Sammy Davis Jr. Has A Few Words About Race In 1971 – Pop Chronicles
Sammy Davis Jr. Legendary entertainer, member of the infamous Rat Pack, comedian, musician and assessor of race relations in America.
This interview, part of the Black Journal series from NET (precursor to PBS) from 1971 is remarkably candid and frank. He talks about his experiences growing up, starting in show business, his experiences with racism in the Military and his then-current situation regarding his own TV series . He talks about his critics, both black and white and his constant battles with Network television executives and his outspoken criticism of double-standards in an effort to break through the glass ceiling.
The subject of considerable criticism from the black community for his converting to Judaism and marrying a white woman, Davis lashes out at his critics for their hypocrisy; their own double standards. His criticism from the white community for his support of radical black causes, his support of Angela Davis and his refusal to scale-back his activism also receives his criticism – since the hypocrisy was just as prevalent on both sides and that racism was still (in 1971) very much alive and well and living everywhere in America.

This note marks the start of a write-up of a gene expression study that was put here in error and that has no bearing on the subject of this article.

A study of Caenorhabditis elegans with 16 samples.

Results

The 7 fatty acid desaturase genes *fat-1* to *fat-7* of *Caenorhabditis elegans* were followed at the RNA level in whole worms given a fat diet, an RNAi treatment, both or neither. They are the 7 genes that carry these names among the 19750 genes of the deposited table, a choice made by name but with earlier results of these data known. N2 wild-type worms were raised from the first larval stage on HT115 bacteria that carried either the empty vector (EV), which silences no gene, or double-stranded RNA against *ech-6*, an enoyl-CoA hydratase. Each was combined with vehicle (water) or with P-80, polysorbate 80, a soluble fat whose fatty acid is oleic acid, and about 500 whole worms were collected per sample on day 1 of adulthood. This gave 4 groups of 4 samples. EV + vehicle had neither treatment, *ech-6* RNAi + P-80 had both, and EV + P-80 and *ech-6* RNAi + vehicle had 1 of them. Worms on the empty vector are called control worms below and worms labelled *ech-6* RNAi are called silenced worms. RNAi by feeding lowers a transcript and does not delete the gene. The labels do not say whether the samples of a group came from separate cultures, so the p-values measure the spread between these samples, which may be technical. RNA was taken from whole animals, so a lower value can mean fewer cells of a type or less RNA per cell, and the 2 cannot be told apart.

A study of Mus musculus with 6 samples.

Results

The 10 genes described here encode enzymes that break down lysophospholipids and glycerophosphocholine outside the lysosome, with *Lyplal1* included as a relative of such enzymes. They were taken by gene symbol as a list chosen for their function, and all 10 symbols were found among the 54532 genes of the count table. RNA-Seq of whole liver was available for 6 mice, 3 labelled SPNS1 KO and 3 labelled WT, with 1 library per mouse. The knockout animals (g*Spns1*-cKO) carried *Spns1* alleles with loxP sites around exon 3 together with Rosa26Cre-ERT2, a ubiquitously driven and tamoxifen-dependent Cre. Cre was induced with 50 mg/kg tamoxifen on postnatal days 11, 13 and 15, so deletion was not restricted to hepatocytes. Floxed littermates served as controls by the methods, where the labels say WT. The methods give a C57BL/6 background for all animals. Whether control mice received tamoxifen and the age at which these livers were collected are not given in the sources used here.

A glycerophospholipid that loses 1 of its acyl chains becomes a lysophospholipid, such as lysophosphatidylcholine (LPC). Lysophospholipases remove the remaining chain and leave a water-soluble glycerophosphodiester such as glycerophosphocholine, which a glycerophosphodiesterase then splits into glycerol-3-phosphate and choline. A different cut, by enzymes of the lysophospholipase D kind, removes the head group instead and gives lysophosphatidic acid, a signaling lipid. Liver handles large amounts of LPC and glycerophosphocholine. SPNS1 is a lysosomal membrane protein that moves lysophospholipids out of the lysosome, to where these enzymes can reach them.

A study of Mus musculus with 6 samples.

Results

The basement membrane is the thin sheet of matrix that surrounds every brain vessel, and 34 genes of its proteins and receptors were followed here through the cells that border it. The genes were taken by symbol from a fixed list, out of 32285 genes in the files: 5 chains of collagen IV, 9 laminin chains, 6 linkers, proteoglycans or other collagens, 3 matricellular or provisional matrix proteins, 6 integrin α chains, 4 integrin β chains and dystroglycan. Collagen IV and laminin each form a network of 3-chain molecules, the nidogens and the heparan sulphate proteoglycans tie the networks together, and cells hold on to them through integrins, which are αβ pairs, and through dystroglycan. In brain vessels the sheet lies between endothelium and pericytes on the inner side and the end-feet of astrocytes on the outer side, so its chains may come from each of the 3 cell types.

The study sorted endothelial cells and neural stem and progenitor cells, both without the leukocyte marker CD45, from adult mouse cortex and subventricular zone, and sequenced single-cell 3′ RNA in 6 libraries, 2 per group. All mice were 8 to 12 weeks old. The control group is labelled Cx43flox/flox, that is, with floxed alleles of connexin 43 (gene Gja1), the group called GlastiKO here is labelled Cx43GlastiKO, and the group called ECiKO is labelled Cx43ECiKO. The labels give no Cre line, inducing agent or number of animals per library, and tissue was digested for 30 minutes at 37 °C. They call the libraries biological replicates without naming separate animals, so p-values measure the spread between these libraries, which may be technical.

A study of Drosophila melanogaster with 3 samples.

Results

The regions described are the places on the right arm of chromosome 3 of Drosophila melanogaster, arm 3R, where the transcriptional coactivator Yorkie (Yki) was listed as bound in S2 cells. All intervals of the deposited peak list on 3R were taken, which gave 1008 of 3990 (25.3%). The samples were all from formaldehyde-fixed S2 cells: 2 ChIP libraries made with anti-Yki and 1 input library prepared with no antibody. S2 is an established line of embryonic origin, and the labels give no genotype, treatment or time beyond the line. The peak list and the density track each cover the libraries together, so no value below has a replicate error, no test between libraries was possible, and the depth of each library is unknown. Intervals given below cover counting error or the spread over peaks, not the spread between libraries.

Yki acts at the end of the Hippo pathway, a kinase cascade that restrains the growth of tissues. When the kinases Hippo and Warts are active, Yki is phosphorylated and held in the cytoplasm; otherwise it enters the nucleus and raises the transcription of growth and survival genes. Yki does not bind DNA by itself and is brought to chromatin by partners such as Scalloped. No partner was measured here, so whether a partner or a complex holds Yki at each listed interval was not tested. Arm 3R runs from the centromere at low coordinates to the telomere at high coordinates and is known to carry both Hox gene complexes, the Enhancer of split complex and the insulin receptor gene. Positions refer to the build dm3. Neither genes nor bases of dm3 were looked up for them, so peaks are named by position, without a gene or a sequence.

It’s an informative and illuminating 25 minutes, which could have gone on for much longer – but the interview is only one segment of a larger show. He discusses issues of the black community in a way he didn’t often do during other interviews, and it does a lot to dispel the theory that Sammy Davis Jr. was passive and just a multi-talented entertainer who hung out with Frank Sinatra.
Sadly, since his death, we’ve come to remember Sammy Davis Jr. as the entertainer and not the critic of our race relations – we’ve more or less forgotten who the real person was, instead focusing on the gloss and Show business glitz of the Show Business personality. We often forget, as we do with many iconic figures of our past, that there were very real human emotions and situations they faced on a daily basis.
This interview might change some of that – it’s angry and it’s direct. Listening to it gives a whole new perspective on one of the most popular entertainers of the later 20th century.
Here is that interview from Black Journal from July 21, 1971.